Thursday night’s debate isn’t going to change the polls. Donald Trump will remain on top nationally and slightly ahead in Iowa. And he will maintain his wide lead in New Hampshire.

Ted Cruz will remain in second place with a decent chance of taking Iowa.

And the rest of the pack will stay largely where they are with Rubio in third place, and representing the strongest option that the GOP establishment is offering this cycle.

But what is new from after Thursday night’s debate is the possibility of a Trump/Cruz alliance as we move through the primaries. Indeed, for the first time Trump floated the idea of taking Cruz as his vice president. Cruz didn’t say no. And when Cruz suggested that Trump could be his vice president, Trump said “I don’t think so” which turned into a laugh and they moved on.

A Cruz/Trump ticket would combine a lot of what GOP voters are looking for – and they would condense much of the vote. To be sure, there would be many who would be disappointed and disillusioned by such a ticket: having South Carolina Governor Nikki Haley deliver the rebuttal to the State of the Union address and talk of a brokered convention indicates that there are those opposed to a firebrand anti-establishment ticket.

But that doesn’t mean that the two frontrunners aren’t resonating strongly with GOP voters. When Trump said that he’d gladly “accept the mantle of anger” he got huge applause. Voters are angry. Trump and Cruz get that. And they obviously see potential in one another.


And Cruz adeptly handled Trump’s birther attack and questions about the loan he took out in 2012 that he failed to report. Just like in the last debate, Cruz was able to turn digs against him into attacks on the mainstream media and liberals. No doubt that goes over well with GOP primary voters.

Marco Rubio had another good night. He is the strongest in the field on foreign policy, offering a compelling vision for America’s place in the world and razor sharp attacks on President Obama and Secretary Clinton’s leadership over the last seven years. While he champions much of what other candidates also support, he does it with a dexterity and passion that’s missing from the others. His attacks on the other candidates – especially Cruz – also reflect that passion.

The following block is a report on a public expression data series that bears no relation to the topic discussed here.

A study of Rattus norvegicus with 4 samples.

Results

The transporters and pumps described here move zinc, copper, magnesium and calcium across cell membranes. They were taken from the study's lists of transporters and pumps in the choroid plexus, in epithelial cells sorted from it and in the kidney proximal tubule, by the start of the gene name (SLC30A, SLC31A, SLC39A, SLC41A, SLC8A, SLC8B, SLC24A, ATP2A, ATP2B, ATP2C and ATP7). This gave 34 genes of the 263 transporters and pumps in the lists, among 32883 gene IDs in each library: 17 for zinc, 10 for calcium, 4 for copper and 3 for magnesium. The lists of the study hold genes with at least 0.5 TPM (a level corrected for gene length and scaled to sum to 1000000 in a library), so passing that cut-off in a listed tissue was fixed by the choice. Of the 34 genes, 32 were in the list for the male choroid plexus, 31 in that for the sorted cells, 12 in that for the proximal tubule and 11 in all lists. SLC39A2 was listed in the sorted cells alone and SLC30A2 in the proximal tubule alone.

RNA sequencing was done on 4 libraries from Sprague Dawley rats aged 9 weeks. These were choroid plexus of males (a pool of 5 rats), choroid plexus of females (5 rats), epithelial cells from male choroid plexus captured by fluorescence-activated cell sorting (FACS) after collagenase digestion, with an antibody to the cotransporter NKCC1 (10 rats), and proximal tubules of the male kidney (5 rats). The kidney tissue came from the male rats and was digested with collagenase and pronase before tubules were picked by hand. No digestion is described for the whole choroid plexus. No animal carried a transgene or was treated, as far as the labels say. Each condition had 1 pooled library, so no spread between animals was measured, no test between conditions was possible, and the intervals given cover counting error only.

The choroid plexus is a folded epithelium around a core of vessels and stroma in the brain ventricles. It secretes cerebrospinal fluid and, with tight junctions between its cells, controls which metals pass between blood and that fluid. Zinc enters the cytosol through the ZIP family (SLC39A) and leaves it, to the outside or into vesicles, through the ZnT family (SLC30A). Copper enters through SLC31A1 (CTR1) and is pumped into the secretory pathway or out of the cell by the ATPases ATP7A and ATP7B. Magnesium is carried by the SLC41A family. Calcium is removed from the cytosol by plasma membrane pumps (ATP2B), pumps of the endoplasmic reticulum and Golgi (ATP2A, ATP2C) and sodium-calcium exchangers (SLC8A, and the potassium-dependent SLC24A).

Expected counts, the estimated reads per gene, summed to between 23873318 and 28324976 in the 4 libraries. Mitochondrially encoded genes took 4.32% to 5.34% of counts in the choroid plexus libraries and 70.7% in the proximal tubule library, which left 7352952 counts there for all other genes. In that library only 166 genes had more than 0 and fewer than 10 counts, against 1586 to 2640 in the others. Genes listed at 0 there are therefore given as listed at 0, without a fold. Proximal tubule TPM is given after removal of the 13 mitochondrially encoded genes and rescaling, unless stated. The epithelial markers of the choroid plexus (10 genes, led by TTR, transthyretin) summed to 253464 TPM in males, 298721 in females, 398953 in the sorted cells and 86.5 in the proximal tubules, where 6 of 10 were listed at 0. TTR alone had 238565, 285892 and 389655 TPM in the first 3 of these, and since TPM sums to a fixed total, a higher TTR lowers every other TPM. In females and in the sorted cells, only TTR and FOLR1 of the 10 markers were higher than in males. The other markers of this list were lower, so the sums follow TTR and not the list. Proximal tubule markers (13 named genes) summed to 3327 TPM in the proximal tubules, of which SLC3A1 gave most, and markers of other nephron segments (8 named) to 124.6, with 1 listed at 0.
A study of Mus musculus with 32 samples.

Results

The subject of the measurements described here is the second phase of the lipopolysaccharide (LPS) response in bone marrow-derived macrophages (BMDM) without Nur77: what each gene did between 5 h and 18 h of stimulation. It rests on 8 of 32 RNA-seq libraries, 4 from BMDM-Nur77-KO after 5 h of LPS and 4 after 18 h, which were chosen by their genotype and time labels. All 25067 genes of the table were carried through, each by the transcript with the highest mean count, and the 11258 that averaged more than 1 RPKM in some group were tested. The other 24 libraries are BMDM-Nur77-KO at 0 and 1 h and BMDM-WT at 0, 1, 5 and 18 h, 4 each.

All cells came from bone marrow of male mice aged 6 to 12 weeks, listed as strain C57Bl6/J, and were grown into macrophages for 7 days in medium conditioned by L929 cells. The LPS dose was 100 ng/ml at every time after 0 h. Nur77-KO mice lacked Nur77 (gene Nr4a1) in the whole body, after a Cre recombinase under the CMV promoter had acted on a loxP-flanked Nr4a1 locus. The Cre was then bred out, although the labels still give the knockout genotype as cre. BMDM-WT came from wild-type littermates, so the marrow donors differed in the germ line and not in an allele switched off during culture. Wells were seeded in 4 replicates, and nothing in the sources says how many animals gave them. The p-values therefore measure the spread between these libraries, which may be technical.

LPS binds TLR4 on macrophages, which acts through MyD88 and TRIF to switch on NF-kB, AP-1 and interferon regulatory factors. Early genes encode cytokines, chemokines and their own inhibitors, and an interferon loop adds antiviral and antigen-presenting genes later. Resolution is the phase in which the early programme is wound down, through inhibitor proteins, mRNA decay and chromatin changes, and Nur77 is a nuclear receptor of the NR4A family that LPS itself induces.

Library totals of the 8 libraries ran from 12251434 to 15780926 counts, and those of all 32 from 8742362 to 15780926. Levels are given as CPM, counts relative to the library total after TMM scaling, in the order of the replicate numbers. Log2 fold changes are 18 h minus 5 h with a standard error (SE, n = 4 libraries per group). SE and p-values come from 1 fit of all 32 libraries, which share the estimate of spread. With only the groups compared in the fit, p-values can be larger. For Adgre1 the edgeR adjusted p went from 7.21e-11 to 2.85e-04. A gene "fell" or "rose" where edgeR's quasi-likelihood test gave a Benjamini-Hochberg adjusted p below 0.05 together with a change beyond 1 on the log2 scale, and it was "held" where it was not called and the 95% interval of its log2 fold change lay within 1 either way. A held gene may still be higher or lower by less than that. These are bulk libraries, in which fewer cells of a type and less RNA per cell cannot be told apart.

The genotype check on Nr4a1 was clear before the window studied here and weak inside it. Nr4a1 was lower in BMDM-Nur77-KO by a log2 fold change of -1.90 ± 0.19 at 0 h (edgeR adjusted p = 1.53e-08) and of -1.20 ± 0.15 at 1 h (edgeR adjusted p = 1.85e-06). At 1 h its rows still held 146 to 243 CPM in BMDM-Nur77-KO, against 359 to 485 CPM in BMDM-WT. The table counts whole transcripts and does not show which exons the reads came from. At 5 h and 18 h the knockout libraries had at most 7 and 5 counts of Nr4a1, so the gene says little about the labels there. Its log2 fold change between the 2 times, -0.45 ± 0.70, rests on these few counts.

Ben Carson fell largely flat. He is still very weak on foreign policy, despite clearly having studied up on the Middle East and our policies there.

Where he did shine, though, was on his explication of American values and the importance of unity. He called out secular progressives for hurting the character and success of the nation, a point that will continue to resonate with primary voters. But it ultimately won’t change his standing.

Jeb Bush gave another lackluster performance where he often seemed sad. He whined that he needed his turn and he espoused many of the same ideas as the others, but with less enthusiasm and vigor. Trump was certainly right about tonight’s Jeb Bush: he was low energy.

Chris Christie had another strong performance that should keep him as an option in New Hampshire, but is unlikely to move him nationally or in Iowa. He may well be after the attorney general spot now – and he could possibly get it. His no nonsense attitude and reputation as a guy who gets things done is appealing and he has a substantive record that he can point to.

John Kasich made his presence felt more so than in previous debates, but is unlikely to gain any traction. He could end up a vice presidential pick as has great executive experience and brings Ohio, but we’re a long way off from that becoming a reality. For now, he will remain on the perimeter.

In the next few days we’ll see if my thesis that the polls will stay largely unchanged bears out. I think it will.

And we’ll also see if Trump and Cruz were serious in alluding to the possibility of an alliance. For all the bickering, these two are master gamers and this could be just what they’re cooking up.

Douglas E. Schoen has served as a pollster for President Bill Clinton. He has more than 30 years experience as a pollster and political consultant. He is also a Fox News contributor and co-host of "Fox News Insiders" Sundays on Fox News Channel at 7 pm ET. He is the author of 12 books. His latest is "The Nixon Effect: How Richard Nixon’s Presidency Fundamentally Changed American Politics" (Encounter Books, February 2016). Follow Doug on Twitter @DouglasESchoen.